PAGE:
Even though no mainstream commercial application is available yet to the public, recent announcements indicate that drones are set to become part our lives. Easy to operate and very manoeuvrable, they are often fitted with cameras and can even transport light payloads such as parcels and all kinds of sensors. This versatility, added to their relatively low price, makes drones a very attractive solution for a number of applications.
Fortunately it is not only big tech companies that are researching the potential of UAVs (Unmanned Aerial Vehicles, as they are called in the industry) and as legislators adapt legal frameworks to allow for commercial applications, some sustainability actors are already employing drones to tackle a variety of challenges. From tracking animals, to monitoring forest coverage, to delivering vaccines – drones have many roles to play to protect our ecosystem. In this first article in our series on the use of drones for sustainability, we take a look at how they help fight poaching.
A growing demand vs limited resources
Poaching activities are still on the rise globally. The ever-growing demand from Chinese and South East Asian markets has been pushing the prices of tusk and rhino horn to new highs. With prices now higher than gold, the poaching of elephants and rhinos has increased 9000% since 2007.
For years, African governments, foundations and other groups have been looking at ways to stop this bloodbath with solutions ranging from sawing off tusks and horns preventively, to tracking and surveilling animals with GPS devices or sending rangers and even the military to patrol immense areas to intercept poachers. Each of these solutions has positive effects on poaching, however they are expensive, labour-intensive or require the mobilization of large teams. The resulting lack of action means that the risk of being caught is too low to deter poachers attracted by huge financial gains.
While poachers are not impeded by conventional tracking techniques, they are also developing new ways to kill even more systematically. Equipped with the latest technology such as night vision, helicopters and powerful guns, they have even started poisoning water holes with cyanide, killing entire herds of elephants at once. At this rate, if nothing is done, elephants and rhinos will be extinct within 10 years. Yes, 10 YEARS.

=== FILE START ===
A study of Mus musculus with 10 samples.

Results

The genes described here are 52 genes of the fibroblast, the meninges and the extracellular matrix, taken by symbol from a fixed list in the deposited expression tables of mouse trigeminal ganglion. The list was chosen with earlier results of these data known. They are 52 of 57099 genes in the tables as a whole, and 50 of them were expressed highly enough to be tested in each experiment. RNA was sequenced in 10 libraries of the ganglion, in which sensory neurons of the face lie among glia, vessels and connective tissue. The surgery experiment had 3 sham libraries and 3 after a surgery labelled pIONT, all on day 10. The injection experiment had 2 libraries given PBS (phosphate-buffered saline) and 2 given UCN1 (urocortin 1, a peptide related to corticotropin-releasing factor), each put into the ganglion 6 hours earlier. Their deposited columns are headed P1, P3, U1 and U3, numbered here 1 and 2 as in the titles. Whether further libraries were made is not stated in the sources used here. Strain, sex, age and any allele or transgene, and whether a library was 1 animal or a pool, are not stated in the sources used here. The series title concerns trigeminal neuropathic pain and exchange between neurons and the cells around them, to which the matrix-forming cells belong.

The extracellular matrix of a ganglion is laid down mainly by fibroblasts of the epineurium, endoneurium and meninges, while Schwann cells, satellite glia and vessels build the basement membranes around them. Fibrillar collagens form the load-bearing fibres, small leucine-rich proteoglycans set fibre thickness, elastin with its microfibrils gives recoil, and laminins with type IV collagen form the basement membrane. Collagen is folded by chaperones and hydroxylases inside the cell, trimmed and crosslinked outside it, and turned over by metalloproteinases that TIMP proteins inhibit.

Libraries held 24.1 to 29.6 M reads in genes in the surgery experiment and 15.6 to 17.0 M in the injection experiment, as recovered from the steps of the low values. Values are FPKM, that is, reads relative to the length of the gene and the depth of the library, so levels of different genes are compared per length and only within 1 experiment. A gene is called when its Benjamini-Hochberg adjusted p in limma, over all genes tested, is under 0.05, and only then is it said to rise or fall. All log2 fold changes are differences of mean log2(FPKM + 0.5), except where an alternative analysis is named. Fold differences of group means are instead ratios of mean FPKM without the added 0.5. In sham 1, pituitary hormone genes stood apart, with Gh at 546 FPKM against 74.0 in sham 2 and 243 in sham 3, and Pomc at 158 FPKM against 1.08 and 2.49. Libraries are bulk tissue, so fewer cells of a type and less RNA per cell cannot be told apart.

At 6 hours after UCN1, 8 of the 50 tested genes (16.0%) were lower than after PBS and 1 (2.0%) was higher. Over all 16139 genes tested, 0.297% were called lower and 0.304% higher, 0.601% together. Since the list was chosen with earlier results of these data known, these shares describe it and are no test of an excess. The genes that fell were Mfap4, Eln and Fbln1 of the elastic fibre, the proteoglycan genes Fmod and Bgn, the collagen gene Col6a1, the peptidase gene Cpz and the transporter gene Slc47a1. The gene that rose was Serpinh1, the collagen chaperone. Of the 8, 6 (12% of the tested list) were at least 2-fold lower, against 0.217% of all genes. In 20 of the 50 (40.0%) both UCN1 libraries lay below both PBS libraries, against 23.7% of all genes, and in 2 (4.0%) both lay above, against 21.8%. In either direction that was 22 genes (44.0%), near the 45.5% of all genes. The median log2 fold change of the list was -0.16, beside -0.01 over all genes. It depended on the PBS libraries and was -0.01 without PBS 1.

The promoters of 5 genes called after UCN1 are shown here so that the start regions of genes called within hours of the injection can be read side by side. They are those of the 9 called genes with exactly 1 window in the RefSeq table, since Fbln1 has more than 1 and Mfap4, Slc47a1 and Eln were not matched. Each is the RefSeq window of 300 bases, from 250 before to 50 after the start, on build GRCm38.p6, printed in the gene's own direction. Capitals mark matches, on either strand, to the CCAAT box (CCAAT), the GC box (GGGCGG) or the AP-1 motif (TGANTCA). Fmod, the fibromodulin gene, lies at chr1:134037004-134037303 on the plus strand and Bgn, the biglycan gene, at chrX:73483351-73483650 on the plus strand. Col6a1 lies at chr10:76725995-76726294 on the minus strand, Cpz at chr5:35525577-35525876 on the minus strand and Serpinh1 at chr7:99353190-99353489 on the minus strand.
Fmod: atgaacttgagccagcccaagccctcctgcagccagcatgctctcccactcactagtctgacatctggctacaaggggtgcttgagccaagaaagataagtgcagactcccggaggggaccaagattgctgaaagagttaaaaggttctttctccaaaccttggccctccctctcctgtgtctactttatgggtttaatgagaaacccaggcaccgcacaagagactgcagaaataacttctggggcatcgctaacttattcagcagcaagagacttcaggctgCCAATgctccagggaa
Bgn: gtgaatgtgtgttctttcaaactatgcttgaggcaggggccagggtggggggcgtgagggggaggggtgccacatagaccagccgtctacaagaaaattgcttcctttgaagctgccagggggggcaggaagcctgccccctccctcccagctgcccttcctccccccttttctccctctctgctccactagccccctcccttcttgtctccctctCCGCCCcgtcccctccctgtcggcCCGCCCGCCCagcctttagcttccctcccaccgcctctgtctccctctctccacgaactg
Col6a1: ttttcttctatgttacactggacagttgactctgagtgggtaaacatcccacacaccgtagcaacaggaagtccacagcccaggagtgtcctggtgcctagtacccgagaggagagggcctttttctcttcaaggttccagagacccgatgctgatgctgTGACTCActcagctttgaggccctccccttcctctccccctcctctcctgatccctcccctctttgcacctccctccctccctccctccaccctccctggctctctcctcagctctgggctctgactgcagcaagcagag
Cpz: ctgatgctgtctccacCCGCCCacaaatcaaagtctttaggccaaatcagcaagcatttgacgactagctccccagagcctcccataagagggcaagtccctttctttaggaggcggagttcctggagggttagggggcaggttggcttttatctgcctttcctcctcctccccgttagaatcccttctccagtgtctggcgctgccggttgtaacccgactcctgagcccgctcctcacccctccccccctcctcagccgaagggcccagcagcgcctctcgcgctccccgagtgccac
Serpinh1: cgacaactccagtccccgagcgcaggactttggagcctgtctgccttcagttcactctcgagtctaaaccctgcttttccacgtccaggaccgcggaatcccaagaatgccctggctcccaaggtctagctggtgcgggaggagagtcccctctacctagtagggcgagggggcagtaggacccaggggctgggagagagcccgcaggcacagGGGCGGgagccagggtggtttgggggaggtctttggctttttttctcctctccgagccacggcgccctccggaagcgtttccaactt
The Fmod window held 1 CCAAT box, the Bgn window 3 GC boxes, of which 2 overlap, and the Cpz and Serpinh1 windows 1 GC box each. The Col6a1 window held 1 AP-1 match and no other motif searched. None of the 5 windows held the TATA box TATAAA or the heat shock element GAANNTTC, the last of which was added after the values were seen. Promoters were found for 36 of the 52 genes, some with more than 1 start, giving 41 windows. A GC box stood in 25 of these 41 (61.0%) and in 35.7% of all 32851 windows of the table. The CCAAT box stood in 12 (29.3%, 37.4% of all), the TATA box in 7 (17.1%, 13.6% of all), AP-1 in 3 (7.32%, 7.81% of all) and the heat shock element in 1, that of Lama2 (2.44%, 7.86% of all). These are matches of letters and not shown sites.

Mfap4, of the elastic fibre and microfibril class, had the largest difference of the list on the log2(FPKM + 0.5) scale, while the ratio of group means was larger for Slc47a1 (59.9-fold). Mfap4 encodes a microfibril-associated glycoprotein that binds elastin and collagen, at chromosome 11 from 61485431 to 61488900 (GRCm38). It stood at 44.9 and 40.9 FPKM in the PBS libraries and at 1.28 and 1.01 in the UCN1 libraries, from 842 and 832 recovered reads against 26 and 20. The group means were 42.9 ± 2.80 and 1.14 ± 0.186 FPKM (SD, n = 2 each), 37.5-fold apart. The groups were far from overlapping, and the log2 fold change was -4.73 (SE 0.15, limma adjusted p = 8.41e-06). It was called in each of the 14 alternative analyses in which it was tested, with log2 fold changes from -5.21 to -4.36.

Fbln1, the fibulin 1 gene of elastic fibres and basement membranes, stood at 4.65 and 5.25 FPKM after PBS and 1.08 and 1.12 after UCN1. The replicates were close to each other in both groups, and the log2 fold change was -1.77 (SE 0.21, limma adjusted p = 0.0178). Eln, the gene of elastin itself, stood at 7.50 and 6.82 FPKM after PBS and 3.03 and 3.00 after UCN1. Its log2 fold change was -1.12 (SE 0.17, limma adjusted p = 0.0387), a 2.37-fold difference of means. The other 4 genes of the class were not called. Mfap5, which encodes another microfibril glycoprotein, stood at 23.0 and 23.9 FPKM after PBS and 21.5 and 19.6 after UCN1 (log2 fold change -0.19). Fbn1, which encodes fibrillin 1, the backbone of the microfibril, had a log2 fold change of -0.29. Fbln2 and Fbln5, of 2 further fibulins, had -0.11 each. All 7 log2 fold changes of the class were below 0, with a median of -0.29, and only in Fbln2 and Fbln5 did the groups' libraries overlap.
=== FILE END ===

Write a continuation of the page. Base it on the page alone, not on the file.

Wings for Elephants and Rhinos
In this context Air Shepherd offers what we think is an innovative solution. Given the necessity to act quickly at any time, their UAVs could be the best solution so far against poachers. When a mobile ground control station is deployed, a small team of engineers and a pilot can carry out a surveillance mission over a radius of up to 50 km. They only need to be connected by radio to a team of rangers on the ground ready to intercept poachers (even at night thanks to infrared imaging). After over 4000 missions in South Africa, Malawi and Zimbabwe, studies show that poaching activities in areas patrolled by drones can be reduced to zero.
Operating as an initiative of the Lindbergh Foundation, Air Shepherd is about to start new campaigns in Botswana, Mozambique and Zambia. Do not hesitate to support them. Drones are by far the best way to prevent traffickers from mass killing elephants, rhinos and anything else standing in the way.
Of course Air Shepherd has now been added to our growing library of sustainability solutions. Stay tuned for our next story on the use of drones for sustainability.